In a strong final day of the 2021 AABB Virtual Annual Meeting, attendees in the session titled “Tips and Tools to Overcome Challenges and Negotiate Partnerships for Biotherapy Trials” learned useful information on overcoming the challenges in, and negotiating partnerships for, biotherapy trials.
As more and more biotherapy research is being conducted and more and more biotherapy products are being developed, there is an increasing level of activity in cell collection, typically through apheresis of healthy donors or patients.
Many blood centers are partnering with study sponsors to meet the demand for source material. However, this is sometimes unfamiliar territory for blood centers that are expanding their services into cell collection for biotherapies. Jennifer Chain, PhD, from the Oklahoma Blood Institute in Oklahoma City, welcomed attendees to the session and outlined the session goals as threefold: identify the challenges encountered when participating in a biotherapy trial, provide advice on conducting negotiations with study sponsors, and offer examples of solutions from experienced colleagues.
Why Are These Trials So Challenging?
Federico Rodriguez Quezada, SBB, MLSi(ASCP)CM, from UF Health Shands Cancer Hospital in Gainesville, Fla., provided a wealth of practical information. After briefly discussing institutional review and approval of research trials, he highlighted unique aspects of apheresis collections that can prove to be challenging, including potential risks of mobilizing drugs, need for good venous access, loss of platelets during the procedure, donor discomfort and the need for staff to monitor for adverse reactions during lengthy collection procedures.
Rodriguez Quezada also explored the major initial phases of research studies and detailed several of the associated challenges, including the following:
• Invitation from study sponsor. If lacking in detail, it should prompt many questions by the collection team.
• Feasibility meeting. Address personnel, schedules, workloads, costs, support from staff other than collections.
• Stakeholder meeting. Attendees might include the sponsor’s representative(s), the principal investigator, collection staff and institutional review board members.
• Approval process. This involves not only the protocol itself, but also the budget and input from the stakeholders.
• Establishing eligibility and exclusion criteria. This would include likelihood of collecting enough cells.
• Development of informed consent. This sometime requires two types of translations—one from English to a different language and one from medical terminology into wording a lay person can understand.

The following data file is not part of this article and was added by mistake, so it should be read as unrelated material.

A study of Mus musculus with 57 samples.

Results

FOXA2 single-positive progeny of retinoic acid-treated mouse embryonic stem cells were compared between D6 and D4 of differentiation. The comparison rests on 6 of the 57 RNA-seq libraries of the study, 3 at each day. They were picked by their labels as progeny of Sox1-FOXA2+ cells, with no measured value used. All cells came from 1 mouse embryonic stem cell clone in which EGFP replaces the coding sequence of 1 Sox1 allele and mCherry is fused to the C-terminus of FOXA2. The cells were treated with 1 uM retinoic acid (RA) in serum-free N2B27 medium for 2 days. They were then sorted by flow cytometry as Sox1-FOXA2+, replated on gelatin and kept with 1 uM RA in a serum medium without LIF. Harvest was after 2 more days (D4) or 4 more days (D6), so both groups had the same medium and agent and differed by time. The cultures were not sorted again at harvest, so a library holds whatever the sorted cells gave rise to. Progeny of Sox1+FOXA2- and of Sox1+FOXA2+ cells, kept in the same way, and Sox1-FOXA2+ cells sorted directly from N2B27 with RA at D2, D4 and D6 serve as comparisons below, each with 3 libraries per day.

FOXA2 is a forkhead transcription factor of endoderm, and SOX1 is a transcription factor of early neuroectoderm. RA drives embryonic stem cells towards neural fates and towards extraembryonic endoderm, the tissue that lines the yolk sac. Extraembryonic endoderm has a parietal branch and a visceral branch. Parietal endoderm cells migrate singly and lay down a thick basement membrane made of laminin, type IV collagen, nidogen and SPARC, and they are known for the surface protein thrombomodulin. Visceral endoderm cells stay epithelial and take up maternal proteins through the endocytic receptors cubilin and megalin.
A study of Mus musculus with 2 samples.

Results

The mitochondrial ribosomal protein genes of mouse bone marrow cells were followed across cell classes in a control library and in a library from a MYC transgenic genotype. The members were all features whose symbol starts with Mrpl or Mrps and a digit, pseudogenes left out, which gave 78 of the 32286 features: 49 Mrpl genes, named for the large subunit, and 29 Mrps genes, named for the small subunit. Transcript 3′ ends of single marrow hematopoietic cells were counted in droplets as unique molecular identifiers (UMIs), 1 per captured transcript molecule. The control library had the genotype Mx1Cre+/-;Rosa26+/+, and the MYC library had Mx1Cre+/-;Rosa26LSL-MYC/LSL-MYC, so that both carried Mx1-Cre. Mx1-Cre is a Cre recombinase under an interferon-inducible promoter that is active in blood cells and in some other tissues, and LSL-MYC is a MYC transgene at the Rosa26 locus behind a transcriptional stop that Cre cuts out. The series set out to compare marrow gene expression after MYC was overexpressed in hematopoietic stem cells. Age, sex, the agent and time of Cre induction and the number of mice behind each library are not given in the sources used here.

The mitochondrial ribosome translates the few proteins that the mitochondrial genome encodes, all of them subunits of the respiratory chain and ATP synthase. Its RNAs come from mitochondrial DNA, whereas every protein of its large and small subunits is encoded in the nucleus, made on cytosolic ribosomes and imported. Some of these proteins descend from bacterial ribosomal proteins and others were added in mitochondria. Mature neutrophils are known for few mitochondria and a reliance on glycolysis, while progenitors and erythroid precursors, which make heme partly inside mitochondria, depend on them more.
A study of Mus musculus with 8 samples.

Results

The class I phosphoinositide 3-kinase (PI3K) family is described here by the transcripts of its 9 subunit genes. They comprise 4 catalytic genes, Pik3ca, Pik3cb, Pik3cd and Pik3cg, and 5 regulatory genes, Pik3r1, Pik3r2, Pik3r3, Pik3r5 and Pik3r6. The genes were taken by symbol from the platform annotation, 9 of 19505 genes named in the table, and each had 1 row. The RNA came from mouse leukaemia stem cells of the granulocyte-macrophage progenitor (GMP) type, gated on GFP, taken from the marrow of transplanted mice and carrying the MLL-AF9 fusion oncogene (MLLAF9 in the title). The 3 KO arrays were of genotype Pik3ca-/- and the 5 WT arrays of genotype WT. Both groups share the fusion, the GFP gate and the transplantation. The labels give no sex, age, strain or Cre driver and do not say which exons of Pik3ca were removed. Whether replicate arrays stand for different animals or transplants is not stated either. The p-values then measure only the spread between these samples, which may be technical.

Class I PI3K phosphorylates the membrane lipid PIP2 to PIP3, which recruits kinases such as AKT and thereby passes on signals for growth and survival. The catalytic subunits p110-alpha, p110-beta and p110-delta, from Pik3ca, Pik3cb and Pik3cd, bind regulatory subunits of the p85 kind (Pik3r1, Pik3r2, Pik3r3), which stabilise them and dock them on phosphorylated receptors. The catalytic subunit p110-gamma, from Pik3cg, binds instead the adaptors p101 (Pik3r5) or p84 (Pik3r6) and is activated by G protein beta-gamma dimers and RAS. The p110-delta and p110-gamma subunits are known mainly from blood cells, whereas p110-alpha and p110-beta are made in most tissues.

Noting how easy it is to underestimate costs, Rodriguez Quezada listed items not directly related to the collection procedure that may be overlooked (disposable supplies, lab testing, shipping supplies, labor costs, administrative overhead). He also reviewed what he considered to be essential steps in preparing for the trial, emphasizing the importance of a “dry run.” His remaining comments focused on tips for negotiating with the study sponsor, including the following:
• Clarify everything through repeated cycles of questions and answers.
• Don’t underestimate the hours of labor in preparing for the study, conducting the collections, and any follow-up reporting.
• Don’t accept the study if it isn’t possible to do.
• Define responsibilities.
• Avoid pressure from the sponsor and getting caught up in the excitement about being involved.
• Read the fine print of any agreement; better yet, share the document with your legal team.
• Remember that open and effective communication with the sponsor is of the utmost importance.
Preparing for the Next Study
Ronit Slotky, PhD, MSc, from Hackensack University Medical Center in Hackensack, N.J., continued with the emphasis on communication and collaboration. In fact, getting connected was the first step she listed in her advice on how to get organized for a biotherapy trial. Her list included the following pointers:
• Build relationships with stakeholders (pharmacy, finance, research personnel, others who are part of the facility’s process for trial participation).
• Get involved as early as possible, preferably at the feasibility meeting. Ask lots of questions.
• Create templates, standard operating procedures, forms, checklists, etc—these tools will make many tasks easier.
• Create a process that is as standardized as possible. This is key if your facility participates in several concurrent or overlapping trials.
• Create a budget that covers everything, which means
- Spell out the responsibilities, especially for regulatory compliance.
- Costs are usually more than anticipated.
- Include work performed preparing for the study, not just the procedures.
- Include expenses incurred after the trial itself (close-out tasks, storage, reporting).
• Assign tasks, even if you need other facility departments or the study sponsor to handle some of the responsibilities.
Slotky also discussed examples of the level of detail required for preparing to conduct a biotherapy trial. What if the sponsor’s containers do not fit your freezer racks? Who is responsible for compliance with each service provided? Is there enough space and equipment for long-term storage? Will the sponsor conduct on-site training? She shared examples of forms, timelines, checklists, and other tools that can help make biotherapy trials easier to manage.
In summary, Slotky reiterated her key points, which were to connect and communicate the broader team of stakeholders, make sure everything is clear and understood, create a process and the tools for a smoother workflow, budget correctly, and collaborate with all the partners needed to make the study successful.